There is a disturbing case out of New Mexico where police fired into a van full of children after the mother tried to drive away from officers. As shown on the video below, an officer stopped Oriana Ferrell on a routine traffic stop only to see her drive away. What followed was a chase, smashing windows of the van, and the shocking decision of an officer to fire into a vehicle with kids in the backseat.
First and foremost, it should be noted that Ferrell had violated a host of laws. She fled the scene, engaged in a high-speed chase, resisted arrest, and police say that they found two marijuana pipes in the car. However, it is the discharge of the weapon that shocked many of us.
Ferrell was originally pulled over for going 71 miles per hour in a 55 miles per hour zone. She argues with the officer who goes back to his car only to see Ferrell drive away. At this point, he is aware that there are five children in the car aged 6 to 18.
He then pulls her over again and yells at her to get out of the van. When she refuses, he tries to force her out. When her teenage son gets out to confront him, the officer pulls his taser and the teen goes back into the car.
He tells her that she will be charged and to get out as she argues with him. She inexplicably insists that she did nothing wrong and “didn’t run away.” She gets out of the car and the officer tells her to face the van to be cuffed. After she locks herself back into the van, the officer takes his baton and starts to break windows even though he knows that children are seated inside. The flying glass constitutes an obvious threat to the children and this is the first serious breach that I can see. I do not understand why they do not immobilize the van or why he decides to break the window next to the children rather than the driver.
As he is smashing the windows, she drives away. That is when another officer fires three shots directly into a van filled with children. It is a shocking use of force with no concern for the children inside the van. At this point, Ferrell is only accused of a minor traffic stop, leaving the scene, and resisting arrest. There has been no weapon or attack on the officer. Yet, this officer put three slugs through the back of a van filled with children.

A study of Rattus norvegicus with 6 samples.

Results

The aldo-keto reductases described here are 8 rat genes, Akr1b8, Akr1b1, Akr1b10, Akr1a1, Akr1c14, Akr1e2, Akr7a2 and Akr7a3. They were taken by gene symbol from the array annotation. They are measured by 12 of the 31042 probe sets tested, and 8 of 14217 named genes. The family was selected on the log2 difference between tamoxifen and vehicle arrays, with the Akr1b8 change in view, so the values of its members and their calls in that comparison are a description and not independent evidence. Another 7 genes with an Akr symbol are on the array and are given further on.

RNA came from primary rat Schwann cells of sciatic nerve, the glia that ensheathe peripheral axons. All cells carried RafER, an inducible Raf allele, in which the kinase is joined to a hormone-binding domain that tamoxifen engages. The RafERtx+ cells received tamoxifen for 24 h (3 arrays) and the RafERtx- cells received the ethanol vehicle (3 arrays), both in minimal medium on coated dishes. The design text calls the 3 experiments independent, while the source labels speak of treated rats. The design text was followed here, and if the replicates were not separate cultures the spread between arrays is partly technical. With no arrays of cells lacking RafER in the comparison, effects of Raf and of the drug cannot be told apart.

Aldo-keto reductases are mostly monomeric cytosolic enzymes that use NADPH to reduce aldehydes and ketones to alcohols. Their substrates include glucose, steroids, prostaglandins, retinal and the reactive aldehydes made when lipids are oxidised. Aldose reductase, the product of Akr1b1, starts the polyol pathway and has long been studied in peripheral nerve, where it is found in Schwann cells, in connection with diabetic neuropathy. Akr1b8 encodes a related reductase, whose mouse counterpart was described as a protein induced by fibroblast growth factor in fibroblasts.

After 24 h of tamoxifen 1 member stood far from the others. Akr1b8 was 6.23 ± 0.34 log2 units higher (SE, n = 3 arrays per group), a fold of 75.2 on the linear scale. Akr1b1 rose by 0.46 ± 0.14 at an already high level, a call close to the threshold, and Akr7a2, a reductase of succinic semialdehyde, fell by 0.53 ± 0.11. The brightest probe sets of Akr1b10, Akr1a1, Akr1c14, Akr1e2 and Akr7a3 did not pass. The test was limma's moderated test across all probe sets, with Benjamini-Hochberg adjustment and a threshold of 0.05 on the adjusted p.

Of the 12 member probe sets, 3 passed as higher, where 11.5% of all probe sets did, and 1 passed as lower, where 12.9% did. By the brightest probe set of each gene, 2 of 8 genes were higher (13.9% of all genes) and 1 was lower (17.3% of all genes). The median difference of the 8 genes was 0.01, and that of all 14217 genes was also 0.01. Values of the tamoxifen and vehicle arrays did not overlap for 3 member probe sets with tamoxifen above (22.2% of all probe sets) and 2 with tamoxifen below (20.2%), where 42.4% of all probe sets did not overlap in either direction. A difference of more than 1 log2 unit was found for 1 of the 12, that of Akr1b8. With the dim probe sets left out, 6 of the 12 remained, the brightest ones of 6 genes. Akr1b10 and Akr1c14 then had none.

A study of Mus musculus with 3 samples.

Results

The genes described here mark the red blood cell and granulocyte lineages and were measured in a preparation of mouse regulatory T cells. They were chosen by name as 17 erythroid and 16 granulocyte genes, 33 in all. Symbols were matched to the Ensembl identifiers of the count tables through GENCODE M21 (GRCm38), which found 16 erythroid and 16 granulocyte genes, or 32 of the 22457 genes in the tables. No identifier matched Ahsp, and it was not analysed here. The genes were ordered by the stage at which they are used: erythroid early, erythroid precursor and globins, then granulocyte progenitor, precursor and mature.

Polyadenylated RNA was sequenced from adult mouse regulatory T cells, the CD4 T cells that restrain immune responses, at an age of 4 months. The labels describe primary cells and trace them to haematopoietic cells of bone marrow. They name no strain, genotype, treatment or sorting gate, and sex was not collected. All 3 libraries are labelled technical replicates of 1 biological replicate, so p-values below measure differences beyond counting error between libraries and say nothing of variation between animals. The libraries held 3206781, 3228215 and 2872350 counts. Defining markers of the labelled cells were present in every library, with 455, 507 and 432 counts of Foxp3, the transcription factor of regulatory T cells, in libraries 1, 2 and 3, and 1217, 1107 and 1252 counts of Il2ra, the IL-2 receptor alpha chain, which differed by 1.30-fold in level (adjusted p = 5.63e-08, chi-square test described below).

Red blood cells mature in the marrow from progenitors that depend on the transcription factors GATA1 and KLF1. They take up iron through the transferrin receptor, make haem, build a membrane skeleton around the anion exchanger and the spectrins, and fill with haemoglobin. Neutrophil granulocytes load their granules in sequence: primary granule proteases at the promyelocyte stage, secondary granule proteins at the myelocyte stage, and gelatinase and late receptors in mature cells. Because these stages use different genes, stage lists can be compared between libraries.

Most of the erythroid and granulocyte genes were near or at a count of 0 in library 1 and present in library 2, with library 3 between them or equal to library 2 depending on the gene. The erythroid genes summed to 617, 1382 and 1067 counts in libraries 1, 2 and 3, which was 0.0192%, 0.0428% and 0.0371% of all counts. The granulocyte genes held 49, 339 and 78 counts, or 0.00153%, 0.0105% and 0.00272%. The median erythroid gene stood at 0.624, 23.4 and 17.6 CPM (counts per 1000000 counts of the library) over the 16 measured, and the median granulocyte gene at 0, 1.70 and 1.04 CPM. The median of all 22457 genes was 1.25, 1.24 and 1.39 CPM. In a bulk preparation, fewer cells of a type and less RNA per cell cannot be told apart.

Ferrell then leads the police on a 10-minute chase before turning herself in. The New Mexico State Police have not removed any of the officers from active duty.
Ferrell was charged with five counts of abuse of a child, aggravated fleeing an officer, resisting an officer, reckless driving and possession of drug paraphernalia. The abuse of a child is interesting given the fact that it was the officers that fired into a van full of children. Moreover, it is not clear what the basis is for the charge against her teenage son for battery of an officer.
As the video below shows, there was ample reason for an arrest, but the excessive force used by the police is very disturbing and warrants a full investigation. The officer firing the weapon could have killed three children with this unjustified use of force. The police had multiple cars and could easily stop a minivan without resulting to the use of potentially lethal force.
What do you think?
Kudos: Michael Blott
190 thoughts on “New Mexico Police Fire Into Minivan Filled With Children”
I enjoy Turley’s blogs, but this one is reaching a bit. The case is 8 months old and has been covered in blogs and “Criminal Defense Lawyers” on Linkedin extensively some months back. There are fresher topics, but then given the professor’s schedule perhaps he just now found time to deal with this near-tragedy and inexcusable behavior by LE.
he was shooting the tires… he could have shot the kid for running my bad the 18 old adult who attacked the officer even if he only pushed the cop its assault.
Most people hate to see anyone harmed by anyone. In cases which involve public servants it’s even more important there’s a fair & open public hearing of the charges & that the proper corrective measures be taking because the public has to have confidence the system is working & can be trusted to work.
Hopefully that’s what’s happening with the below Oklahoma case.